Merry-Go-Round delays realignment

March 11, 1994|By Ross Hetrick | Ross Hetrick,Sun Staff Writer

Merry-Go-Round Enterprises Inc., which has been in Chapter 11 bankruptcy since January, will have to wait until October to see the results of its back-to-school sales before it can formulate a reorganization plan, company officials said yesterday.

"We have to be convinced that we have fixed the business," said Michael D. Sullivan, president of the Joppa-based clothing chain with 1,419 stores.

Mr. Sullivan also confirmed yesterday that Paul D. Levine, the president of the company's Merry-Go-Round division, resigned for "personal reasons." Mr. Sullivan has assumed his duties, he said.

Mr. Levine, 44, headed one of the company's largest divisions, with 514 Merry-Go-Round stores under his control. He had worked for the company since 1973 and had been president of the division since 1988.

His departure last Friday follows the December firing of Stuart M. Lucas, president of the Menz division, which had 854 stores.

"It's part of cleaning house," said Peter N. Schaeffer, a partner in Johnson Redbook Service, a New York company that follows the retailing industry.

Mr. Sullivan's comments about when Merry-Go-Round may file a reorganization plan came during the first meeting with creditors.

The company will have to wait for the crucial selling period of August through September before it could draw up a plan on how to repay its creditors, Mr. Sullivan said. Asked after the meeting what would happen if the company was not back to normal by then, he said the reorganization plan might have to be delayed further.

"Obviously, Christmas would be the next check point," he said, adding that it was still too early to speculate.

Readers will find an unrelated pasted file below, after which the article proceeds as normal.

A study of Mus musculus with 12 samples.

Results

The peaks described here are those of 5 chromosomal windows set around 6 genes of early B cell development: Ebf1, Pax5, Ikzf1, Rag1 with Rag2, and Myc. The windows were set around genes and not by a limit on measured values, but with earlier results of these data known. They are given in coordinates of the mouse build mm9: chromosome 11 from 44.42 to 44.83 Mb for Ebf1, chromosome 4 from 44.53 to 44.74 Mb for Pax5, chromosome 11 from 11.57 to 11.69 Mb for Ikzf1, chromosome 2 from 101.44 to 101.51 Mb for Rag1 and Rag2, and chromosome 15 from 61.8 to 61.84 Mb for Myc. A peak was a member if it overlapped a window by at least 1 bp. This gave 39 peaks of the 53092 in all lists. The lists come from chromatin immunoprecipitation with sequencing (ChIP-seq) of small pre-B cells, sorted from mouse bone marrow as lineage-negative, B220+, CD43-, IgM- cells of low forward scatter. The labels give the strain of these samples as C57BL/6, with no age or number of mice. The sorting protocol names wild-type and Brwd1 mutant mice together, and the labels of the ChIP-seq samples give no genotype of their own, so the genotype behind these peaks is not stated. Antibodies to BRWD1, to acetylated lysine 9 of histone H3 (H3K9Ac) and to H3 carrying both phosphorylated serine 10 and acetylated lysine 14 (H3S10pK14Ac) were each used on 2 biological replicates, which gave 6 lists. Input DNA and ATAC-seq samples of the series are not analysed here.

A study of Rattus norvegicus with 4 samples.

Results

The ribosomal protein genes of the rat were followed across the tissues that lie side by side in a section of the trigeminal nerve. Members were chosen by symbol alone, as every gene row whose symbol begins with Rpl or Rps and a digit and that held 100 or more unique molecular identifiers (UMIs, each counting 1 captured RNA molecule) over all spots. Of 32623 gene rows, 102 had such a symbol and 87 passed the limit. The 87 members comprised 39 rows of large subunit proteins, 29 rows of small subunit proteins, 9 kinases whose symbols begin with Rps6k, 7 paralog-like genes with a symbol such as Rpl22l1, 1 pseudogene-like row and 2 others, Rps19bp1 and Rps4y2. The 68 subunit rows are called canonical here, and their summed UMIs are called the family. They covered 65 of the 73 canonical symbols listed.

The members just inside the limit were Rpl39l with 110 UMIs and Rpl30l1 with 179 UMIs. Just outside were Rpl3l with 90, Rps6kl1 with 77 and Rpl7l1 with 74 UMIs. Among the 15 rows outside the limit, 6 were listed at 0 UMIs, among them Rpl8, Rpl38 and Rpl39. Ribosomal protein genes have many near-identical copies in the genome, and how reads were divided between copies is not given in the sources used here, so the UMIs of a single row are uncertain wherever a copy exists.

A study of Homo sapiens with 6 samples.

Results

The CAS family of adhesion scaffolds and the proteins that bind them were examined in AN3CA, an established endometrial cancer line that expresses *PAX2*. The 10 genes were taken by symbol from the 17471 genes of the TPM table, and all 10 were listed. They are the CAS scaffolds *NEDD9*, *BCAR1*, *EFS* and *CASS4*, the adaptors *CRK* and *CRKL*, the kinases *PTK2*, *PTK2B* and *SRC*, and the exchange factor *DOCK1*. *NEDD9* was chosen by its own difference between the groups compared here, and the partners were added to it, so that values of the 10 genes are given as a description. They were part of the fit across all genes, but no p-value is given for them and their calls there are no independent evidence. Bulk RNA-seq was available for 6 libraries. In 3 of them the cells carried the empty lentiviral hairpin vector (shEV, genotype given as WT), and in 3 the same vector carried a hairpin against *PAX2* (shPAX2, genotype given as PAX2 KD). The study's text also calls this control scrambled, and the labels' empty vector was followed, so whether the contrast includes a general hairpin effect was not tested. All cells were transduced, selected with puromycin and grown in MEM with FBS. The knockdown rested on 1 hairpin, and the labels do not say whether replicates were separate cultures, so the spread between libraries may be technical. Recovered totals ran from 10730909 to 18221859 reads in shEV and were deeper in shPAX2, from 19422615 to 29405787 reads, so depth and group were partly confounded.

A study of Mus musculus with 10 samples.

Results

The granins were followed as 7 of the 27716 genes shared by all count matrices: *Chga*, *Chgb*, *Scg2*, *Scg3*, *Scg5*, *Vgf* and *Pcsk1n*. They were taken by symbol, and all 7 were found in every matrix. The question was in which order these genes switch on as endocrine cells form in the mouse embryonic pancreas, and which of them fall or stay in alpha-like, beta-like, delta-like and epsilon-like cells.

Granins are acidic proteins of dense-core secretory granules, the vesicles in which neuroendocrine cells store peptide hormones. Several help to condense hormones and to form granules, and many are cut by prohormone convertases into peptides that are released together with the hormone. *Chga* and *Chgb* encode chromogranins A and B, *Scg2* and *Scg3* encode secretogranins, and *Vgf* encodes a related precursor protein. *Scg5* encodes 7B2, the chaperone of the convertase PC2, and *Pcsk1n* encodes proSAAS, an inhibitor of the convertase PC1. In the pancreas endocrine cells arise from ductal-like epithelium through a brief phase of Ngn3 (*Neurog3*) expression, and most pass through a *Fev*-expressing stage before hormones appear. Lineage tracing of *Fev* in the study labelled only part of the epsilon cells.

If the company turns around by the fall season, Merry-Go-Round might emerge from Chapter 11 bankruptcy during the first three or six months of next year, said Roger Frankel, an attorney for Merry-Go-Round. At the time of its filing for reorganization, the company said it had assets of $463 million and liabilities of $265 million.

Despite Merry-Go-Round's debts, there were only 20 people in the audience at a ballroom at the Marriott hotel in downtown Baltimore. Only about five questions were asked by the creditors during the one hour meeting.

Attorneys involved in the case speculated that the smaller creditors -- which account for most of the companies owed money -- have already written off the debt and did not bother to attend the meeting. Creditors also are represented by a committee, which had a lawyer at the session.

The company operates stores under the name of Merry-Go-Round, Boogie's Diner, Toofers, Attivo, Chess King, Cignal, Dejaiz, Silverman's and Hollywood Store.

Mr. Sullivan said the company's 23 percent drop in same-store sales during February, which were reported last week, was mainly the result of inventory levels that were 26 percent below normal.

Low inventory, he said, was caused by delays in ordering the company's spring inventory because of credit problems prompted by its filing for Chapter 11 bankruptcy.

"We're getting a good flow of goods currently," Mr. Sullivan said. But inventory levels will not return to normal until late spring or early summer, he said.

Merry-Go-Round's same-store sales -- those from units opened a year or longer -- have fallen each month since December 1992. Missing from the hearing yesterday was Leonard "Boogie" Weinglass, Merry-Go-Round's chairman and chief executive officer. Mr. Sullivan said Mr. Weinglass had an appointment to interview applicants for the position of general merchandise manager.